Just days after dispersing subpoenas to 25 South Gate employees and contractors, the district attorney's office struck again Tuesday, raiding a company working on an unusual telemarketing campaign sponsored by the city.
As telemarketers arrived at 8 a.m., two dozen investigators descended on the city-owned building leased by Hector Castillo, the firm's owner. The telemarketing campaign criticizes the local police union, a longtime opponent of the city's leaders.
The investigators also searched Castillo's home in Los Angeles. Numerous items, including several computers, were seized.
Officials, who interviewed several employees after securing the building, would not comment on the investigation. The search warrant affidavit is under seal.
Residents have raised questions about the legality of the telemarketing campaign, saying that it is being used as a political boiler-room operation by Treasurer Albert Robles, the city's most powerful political figure.
"It's a campaign war room and they're using city funds for unlawful purposes," said Al Lopez, president of the police officers' union, which backs a voter recall effort to remove Robles.
Castillo's attorney, Mark J. Werksman, denied the accusations. "This is part of an ongoing effort to bring down, one way or another, Albert Robles. They're going to keep raiding and bringing cases until they run out of steam, or until we stop them," Werksman said.
The raids came a day after South Gate officials announced that staff members of most major city departments have been ordered to appear before the Los Angeles County Grand Jury, starting today.
Prosecutors do not comment on grand jury proceedings, and the nature of the investigation is unclear. Sources said the grand jury investigation involves matters separate from Tuesday's raids.
The latest actions by the public integrity unit appear to be larger in scope than other investigations underway in the working-class city. And they come three weeks before the recall election targeting Robles and three City Council allies.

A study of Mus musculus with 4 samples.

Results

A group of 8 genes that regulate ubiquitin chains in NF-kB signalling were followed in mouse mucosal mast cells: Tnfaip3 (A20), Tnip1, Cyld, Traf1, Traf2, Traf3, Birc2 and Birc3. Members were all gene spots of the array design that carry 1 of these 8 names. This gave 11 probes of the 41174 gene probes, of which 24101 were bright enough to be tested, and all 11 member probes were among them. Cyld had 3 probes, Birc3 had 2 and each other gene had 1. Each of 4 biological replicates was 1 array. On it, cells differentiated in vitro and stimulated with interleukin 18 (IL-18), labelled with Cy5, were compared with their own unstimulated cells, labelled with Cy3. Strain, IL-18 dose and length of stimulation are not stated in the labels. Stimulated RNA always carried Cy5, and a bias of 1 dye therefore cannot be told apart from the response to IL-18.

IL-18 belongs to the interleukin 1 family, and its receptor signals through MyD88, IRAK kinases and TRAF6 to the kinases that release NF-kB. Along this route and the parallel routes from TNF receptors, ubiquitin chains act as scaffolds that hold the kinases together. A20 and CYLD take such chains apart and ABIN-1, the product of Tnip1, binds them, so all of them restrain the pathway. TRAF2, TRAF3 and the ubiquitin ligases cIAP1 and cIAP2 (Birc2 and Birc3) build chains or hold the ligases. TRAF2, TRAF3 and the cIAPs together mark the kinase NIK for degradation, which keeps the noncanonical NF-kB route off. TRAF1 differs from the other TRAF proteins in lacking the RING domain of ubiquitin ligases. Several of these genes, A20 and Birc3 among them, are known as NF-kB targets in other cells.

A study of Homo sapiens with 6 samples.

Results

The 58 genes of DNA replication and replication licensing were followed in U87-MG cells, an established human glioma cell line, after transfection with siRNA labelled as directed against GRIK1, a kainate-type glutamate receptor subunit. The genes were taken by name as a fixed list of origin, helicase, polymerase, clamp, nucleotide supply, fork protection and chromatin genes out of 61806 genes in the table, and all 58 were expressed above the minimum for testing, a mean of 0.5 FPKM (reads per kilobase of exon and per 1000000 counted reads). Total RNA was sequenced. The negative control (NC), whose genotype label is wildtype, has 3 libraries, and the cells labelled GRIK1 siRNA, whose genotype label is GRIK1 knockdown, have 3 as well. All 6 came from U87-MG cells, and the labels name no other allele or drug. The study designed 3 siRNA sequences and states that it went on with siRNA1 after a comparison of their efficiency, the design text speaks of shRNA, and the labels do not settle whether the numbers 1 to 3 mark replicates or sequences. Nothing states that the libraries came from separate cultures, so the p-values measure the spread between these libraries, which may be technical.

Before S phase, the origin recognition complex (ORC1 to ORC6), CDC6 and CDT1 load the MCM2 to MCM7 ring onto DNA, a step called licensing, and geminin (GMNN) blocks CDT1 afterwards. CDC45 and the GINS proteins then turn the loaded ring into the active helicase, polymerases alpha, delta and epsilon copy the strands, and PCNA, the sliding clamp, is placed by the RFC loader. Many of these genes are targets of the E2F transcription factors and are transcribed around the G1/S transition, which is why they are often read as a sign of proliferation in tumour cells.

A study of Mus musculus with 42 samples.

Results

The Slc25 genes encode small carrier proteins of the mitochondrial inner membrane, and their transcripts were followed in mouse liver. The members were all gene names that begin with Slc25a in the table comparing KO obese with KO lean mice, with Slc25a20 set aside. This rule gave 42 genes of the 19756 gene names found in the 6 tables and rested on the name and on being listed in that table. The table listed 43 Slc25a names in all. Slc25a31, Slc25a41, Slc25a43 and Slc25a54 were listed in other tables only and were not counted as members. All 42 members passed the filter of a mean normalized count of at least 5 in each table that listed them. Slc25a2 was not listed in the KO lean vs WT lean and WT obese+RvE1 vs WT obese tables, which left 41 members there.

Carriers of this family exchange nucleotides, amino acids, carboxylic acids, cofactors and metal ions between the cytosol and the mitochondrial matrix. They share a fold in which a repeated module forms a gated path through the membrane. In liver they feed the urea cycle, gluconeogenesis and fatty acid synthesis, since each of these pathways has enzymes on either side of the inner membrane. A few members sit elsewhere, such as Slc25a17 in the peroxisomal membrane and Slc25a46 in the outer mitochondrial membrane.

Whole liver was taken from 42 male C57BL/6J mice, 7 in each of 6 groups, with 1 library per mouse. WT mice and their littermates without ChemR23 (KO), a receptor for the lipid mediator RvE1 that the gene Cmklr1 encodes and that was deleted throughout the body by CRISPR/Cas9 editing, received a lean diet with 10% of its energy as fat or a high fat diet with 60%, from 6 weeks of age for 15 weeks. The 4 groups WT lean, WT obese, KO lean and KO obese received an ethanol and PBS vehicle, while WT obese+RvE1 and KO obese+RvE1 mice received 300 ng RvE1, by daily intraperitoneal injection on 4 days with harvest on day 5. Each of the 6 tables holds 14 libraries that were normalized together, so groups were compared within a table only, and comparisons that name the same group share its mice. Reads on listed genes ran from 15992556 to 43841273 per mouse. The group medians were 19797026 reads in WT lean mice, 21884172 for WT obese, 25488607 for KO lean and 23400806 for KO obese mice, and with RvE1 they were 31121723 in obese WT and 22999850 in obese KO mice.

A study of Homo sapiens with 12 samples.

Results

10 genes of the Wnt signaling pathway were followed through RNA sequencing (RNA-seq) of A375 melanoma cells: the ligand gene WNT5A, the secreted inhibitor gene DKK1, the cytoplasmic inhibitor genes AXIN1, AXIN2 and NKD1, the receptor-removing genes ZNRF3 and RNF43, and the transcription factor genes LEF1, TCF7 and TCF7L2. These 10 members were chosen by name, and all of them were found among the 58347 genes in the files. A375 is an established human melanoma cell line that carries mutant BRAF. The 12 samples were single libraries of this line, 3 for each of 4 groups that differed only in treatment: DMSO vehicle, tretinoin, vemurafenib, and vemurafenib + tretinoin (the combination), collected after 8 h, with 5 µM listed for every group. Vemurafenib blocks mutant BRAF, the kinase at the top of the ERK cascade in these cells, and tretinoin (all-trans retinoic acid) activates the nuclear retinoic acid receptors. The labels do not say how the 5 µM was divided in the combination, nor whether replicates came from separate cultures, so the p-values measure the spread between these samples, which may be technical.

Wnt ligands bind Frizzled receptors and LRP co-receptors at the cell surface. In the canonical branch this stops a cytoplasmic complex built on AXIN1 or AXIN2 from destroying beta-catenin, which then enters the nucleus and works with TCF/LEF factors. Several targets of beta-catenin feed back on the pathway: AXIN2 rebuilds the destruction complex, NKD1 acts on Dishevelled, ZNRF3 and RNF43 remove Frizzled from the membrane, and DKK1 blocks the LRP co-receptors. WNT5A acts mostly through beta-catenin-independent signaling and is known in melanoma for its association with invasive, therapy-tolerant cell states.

The raids focused on the activities of Castillo's firm, The C Group. Last month, the company was awarded a $98,000 contract by the council to start a telephone campaign asking residents if they have ever given charitable donations to the police officers' union.
City officials say the campaign benefits residents because the union is not a qualified nonprofit group, having had its corporate powers revoked by the state's Franchise Tax Board in 1983. Residents are told by the telemarketers, most of them Spanish-speakers, that the union may have improperly solicited contributions.
But union officials deny any wrongdoing, saying that they are a properly registered organization with a federal tax identification number.
The timing of the phone campaign, they say, makes it clear that the city is trying to smear the union.
Union officials have also questioned Castillo's selection as a contractor.
Castillo, who also owns an engineering company, was at the center of a controversy last summer when officials from the Metropolitan Transportation Authority canceled a contract for his engineering firm.
They acted after the agency's inspector general launched a conflict-of-interest investigation involving Castillo's engineering company, H.C. and Associates. The status of that investigation is unknown.
After Castillo's dismissal from the MTA, South Gate officials continued giving his engineering firm lucrative contracts. Castillo then formed the C Group to handle the telemarketing operation.
The district attorney's actions probably won't significantly affect the telephone campaign.
Though the computers may not be returned for a few weeks, a 36-line telephone bank remains in place.